By Tony Collins
A US health organisation Trinity Medical Centre has won a $106m settlement in a legal dispute with Cerner, which is one the main suppliers of patient record systems to NHS trusts in London and the south.
Under the NPfIT BT has installed Cerner at trusts that include the Royal Free, London, Barnet and Chase Farm Hospitals NHS Trust, Weston Area Health NHS Trust, Barts Health NHS Trust, North Bristol NHS Trust and more recently at Croydon Health Services NHS Trust.
The Wall St Journal says a clinical patient accounting program Trinity bought from Cerner in 2008 was defective and didn’t deliver the promised benefits, which Cerner disputed. Trinity sought about $240m in damages; Cerner estimated $4m.
The companies agreed to submit the dispute to arbitration which began in October 2013.
Cerner said it “strongly disagrees” with the award and believes the claim was based on unique circumstances. It called the award the only material judgment against Cerner in its 34-year history.
US lawyer Michael Dagley says his firm won a $106m settlement for North Dakota-based Trinity Medical Centre in an arbitration case against Cerner.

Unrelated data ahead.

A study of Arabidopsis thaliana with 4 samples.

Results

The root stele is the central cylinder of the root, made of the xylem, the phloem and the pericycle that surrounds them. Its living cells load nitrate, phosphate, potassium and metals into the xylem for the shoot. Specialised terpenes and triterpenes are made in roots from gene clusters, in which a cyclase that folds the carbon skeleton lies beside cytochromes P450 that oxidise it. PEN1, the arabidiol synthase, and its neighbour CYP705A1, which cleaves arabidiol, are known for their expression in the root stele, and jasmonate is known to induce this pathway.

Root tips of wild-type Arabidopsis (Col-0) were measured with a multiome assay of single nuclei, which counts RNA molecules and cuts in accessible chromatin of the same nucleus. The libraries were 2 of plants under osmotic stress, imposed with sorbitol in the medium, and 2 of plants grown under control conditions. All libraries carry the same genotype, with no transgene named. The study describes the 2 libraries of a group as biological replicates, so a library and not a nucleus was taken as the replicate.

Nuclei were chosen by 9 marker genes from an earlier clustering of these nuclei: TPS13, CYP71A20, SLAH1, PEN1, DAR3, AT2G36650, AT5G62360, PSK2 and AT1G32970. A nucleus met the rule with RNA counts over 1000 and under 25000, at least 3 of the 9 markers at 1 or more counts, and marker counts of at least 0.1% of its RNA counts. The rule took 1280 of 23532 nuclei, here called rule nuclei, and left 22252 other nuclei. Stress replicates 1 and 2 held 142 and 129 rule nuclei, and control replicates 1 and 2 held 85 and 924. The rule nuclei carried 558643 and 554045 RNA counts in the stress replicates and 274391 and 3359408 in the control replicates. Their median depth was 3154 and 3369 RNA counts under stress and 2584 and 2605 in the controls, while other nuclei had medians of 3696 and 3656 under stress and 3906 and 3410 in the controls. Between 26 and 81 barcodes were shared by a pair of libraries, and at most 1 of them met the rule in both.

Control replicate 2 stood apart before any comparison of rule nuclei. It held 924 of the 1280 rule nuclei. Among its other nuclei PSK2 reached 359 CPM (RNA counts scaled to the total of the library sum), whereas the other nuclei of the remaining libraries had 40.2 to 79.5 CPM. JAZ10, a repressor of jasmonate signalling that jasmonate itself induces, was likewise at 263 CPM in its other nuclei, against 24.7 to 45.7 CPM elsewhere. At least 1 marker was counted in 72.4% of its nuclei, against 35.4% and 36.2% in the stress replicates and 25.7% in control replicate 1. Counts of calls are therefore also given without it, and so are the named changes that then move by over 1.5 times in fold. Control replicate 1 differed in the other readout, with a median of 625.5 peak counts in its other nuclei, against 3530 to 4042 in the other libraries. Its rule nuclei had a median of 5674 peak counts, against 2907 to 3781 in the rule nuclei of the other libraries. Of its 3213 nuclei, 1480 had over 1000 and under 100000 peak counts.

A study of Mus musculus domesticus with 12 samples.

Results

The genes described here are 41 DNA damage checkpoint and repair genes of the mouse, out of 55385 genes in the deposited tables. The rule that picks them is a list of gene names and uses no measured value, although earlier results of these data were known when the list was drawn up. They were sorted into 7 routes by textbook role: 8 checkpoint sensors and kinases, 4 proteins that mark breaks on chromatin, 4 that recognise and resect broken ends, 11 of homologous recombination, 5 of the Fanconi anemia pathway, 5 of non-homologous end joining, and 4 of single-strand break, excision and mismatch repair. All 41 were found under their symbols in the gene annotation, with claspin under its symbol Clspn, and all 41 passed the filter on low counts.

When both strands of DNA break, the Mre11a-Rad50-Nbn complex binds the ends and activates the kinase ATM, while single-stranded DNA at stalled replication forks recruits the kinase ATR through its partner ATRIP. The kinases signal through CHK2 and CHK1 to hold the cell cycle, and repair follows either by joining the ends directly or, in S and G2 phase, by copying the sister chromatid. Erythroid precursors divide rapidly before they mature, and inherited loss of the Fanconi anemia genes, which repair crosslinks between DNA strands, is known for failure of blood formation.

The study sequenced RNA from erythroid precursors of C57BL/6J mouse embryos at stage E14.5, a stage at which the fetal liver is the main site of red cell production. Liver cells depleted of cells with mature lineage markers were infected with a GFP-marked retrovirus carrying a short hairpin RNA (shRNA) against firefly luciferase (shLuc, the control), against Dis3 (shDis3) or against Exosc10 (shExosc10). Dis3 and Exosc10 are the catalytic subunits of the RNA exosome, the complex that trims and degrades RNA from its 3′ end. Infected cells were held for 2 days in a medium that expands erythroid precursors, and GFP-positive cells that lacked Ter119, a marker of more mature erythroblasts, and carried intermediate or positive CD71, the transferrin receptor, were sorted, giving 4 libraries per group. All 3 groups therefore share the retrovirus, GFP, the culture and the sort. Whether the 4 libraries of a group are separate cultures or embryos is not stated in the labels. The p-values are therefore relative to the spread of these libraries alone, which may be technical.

The firm says that Trinity alleged in 2012 that patient accounting software and other services purchased from Cerner were defective, producing thousands of billing errors.
“We think it’s tremendously significant because it represents the first major victory that we’re aware of by a health care provider against a software vendor,” Dagley said in a statement.
“Providers are under pressure to automate and vendors are under pressure to offer integrated products. Providers want one vendor for all their IT needs, so the vendors have this incentive to deliver software to the market as quickly as possible, and that can lead to products being introduced that are immature and defective, which in health care, can cause tremendous damage.”
Last year Cerner said it believed the chance of a material loss related to the matter was remote and it had 147 hospitals and 735 clinics using the patient accounting program.
Despite the settlement Cerner’s share price has held up well.
Trinity Medical Centre is a non-profit organisation with about 2,700 employees.
One could suspect that the others using this software might take a closer look at what their software is doing. I would not be surprised to see other such cases.